Anwar: From the willow to mosque
Saeed Anwar, once the toast of cricket fans around the world as he opened Pakistan's innings in swashbuckling style, is now a full-time Islamic preacher.india Updated: Aug 22, 2003 21:05 IST
Saeed Anwar, once the toast of cricket fans around the world as he opened Pakistan's innings in swashbuckling style, is now a full-time Islamic preacher.
It has made him a better person and he has no regrets about retiring from the game, maintains Anwar, who hung up the willow last week.
"After retirement there is only one aim in my life and that is to follow Allah's path and to prepare for the Day of Judgment," The Friday Times quoted him as saying.
"I am a different Saeed Anwar, and to me the material world is meaningless. It's very difficult to abandon fame, money and one's fans but I am over it. It doesn't matter to me if people will not ask me for my autograph (any more)."
In the same breath, however, Anwar - who now sports a flowing beard - maintained that he would always be ready to help out youngsters looking for a career in cricket.
The man is still hugely popular -- as the turnout during a sermon he delivered at the Sonheri mosque here indicated.
"Even by normal standards, the crowd gathered at the mosque was big. The crowd was in rapt attention.
"While most were obviously there to listen to the him, quite a few also wanted to get a glimpse of the face they had only seen on TV and at stadiums," the newspaper said.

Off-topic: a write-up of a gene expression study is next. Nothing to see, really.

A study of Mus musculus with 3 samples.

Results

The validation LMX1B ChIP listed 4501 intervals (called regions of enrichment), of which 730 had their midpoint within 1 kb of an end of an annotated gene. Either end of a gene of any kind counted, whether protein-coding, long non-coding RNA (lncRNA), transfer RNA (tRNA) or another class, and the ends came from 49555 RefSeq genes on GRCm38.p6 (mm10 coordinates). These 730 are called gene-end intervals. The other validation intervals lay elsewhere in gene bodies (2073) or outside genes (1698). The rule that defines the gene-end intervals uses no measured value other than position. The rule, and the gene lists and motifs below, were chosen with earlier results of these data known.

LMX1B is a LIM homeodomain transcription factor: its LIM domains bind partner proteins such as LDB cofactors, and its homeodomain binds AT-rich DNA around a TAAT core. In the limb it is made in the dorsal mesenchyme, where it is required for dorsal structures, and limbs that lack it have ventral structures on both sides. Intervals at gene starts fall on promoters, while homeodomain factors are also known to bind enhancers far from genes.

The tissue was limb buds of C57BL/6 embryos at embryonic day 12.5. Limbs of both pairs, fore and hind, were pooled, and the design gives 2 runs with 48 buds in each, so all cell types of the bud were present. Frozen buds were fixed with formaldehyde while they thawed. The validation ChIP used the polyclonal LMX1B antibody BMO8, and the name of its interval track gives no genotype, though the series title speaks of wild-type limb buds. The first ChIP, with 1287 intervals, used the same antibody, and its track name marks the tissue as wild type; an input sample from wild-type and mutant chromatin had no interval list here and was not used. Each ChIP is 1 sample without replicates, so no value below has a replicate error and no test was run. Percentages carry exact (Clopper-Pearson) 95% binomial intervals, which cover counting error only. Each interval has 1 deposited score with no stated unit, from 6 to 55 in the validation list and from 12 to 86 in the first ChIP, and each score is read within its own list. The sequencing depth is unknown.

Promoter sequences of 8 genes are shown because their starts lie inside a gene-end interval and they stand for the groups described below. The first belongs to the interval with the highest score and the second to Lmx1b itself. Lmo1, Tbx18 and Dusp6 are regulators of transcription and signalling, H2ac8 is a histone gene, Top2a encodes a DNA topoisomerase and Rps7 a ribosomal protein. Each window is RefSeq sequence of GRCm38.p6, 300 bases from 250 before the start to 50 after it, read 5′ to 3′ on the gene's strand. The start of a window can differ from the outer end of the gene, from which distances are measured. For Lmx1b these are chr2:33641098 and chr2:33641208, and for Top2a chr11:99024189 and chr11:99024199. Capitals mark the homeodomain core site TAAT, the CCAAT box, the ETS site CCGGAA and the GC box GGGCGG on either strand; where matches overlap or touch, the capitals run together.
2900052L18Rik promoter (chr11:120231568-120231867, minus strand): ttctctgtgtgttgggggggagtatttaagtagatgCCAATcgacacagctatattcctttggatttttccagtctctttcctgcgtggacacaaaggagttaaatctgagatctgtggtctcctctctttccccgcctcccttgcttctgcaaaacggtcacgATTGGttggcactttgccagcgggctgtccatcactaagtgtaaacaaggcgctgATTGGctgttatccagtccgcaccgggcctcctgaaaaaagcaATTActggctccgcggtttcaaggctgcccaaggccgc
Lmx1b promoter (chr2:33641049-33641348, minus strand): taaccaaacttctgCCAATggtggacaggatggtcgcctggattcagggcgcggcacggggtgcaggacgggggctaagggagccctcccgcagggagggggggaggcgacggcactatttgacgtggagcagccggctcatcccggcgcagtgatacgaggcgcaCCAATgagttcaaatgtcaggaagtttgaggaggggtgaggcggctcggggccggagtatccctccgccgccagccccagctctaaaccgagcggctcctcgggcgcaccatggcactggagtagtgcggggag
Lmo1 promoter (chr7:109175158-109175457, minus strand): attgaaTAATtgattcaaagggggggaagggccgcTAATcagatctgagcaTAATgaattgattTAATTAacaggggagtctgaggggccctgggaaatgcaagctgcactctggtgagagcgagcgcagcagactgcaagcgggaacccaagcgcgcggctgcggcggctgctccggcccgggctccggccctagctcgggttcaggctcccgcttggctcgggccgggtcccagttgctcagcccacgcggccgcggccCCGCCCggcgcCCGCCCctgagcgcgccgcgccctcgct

The 34-year-old Anwar became a devout Muslim two years ago after the death of his daughter Bismah. He, however, continued playing and last turned out for Pakistan at the World Cup in South Africa earlier this year.
Since then he had been ignored by the selectors, which prompted him to quit first class cricket.
Quite naturally, the clergy has lauded Anwar's move.
"It's a good omen to have our heroes follow Islamic teachings," commented Maulana Mushtaq, prayer leader at the Sonehri mosque.
"At least, the world would know now that we don't only produce playboys," he added, alluding to Anwar's first captain Imran Khan, who led a rather colourful life off the field during his playing days.
Imran is now a member of the National Assembly, the lower house of Parliament.
As for Imran Khan, he had this to say: "I see nothing unusual in Anwar's transformation. People sometimes change and discover god."
In all this, Anwar hasn't forgotten the game that gave him so much - the 194 he scored against India at Chennai is a world record for one-day internationals.
"Whenever someone calls me for cricket, I will be there. I would love to transfer my talents to youngsters so that they can serve the country," he told The Friday Times.
"People say that becoming religious had affected my form. That's not true. I never come late for practice and performed better than any Pakistani batsman in the World Cup.
"The transformation doesn't mean I am going to quit the game. I am not distracted," he insisted.
Born in Karachi on September 6, 1968, Anwar made his Test debut against the West Indies at Faisalabad in 1990-91 and played his last Test against Bangladesh at Multan in 2001-02.
His debut in the shorter version was against the West Indies at Perth in 1988-89 and his last game was against Zimbabwe at Bulawayo during World Cup 2003 in February-March.
A left-hand bat and a left-hand slow orthodox bowler, Anwar was Wisden Cricketer of the Year in 1997.
He played 55 Tests, scoring 4,052 runs in 91 innings with a top score of 188 and twice remained not out.
His record in one-day internationals, however, was far more impressive as he notched up 8,823 runs in 247 matches, with a highest score of 194 and remaining not out on 19 occasions for an average of 39.21.
He bowled 40.2 overs in one-dayers, taking six wickets for 191 runs at an average of 31.83.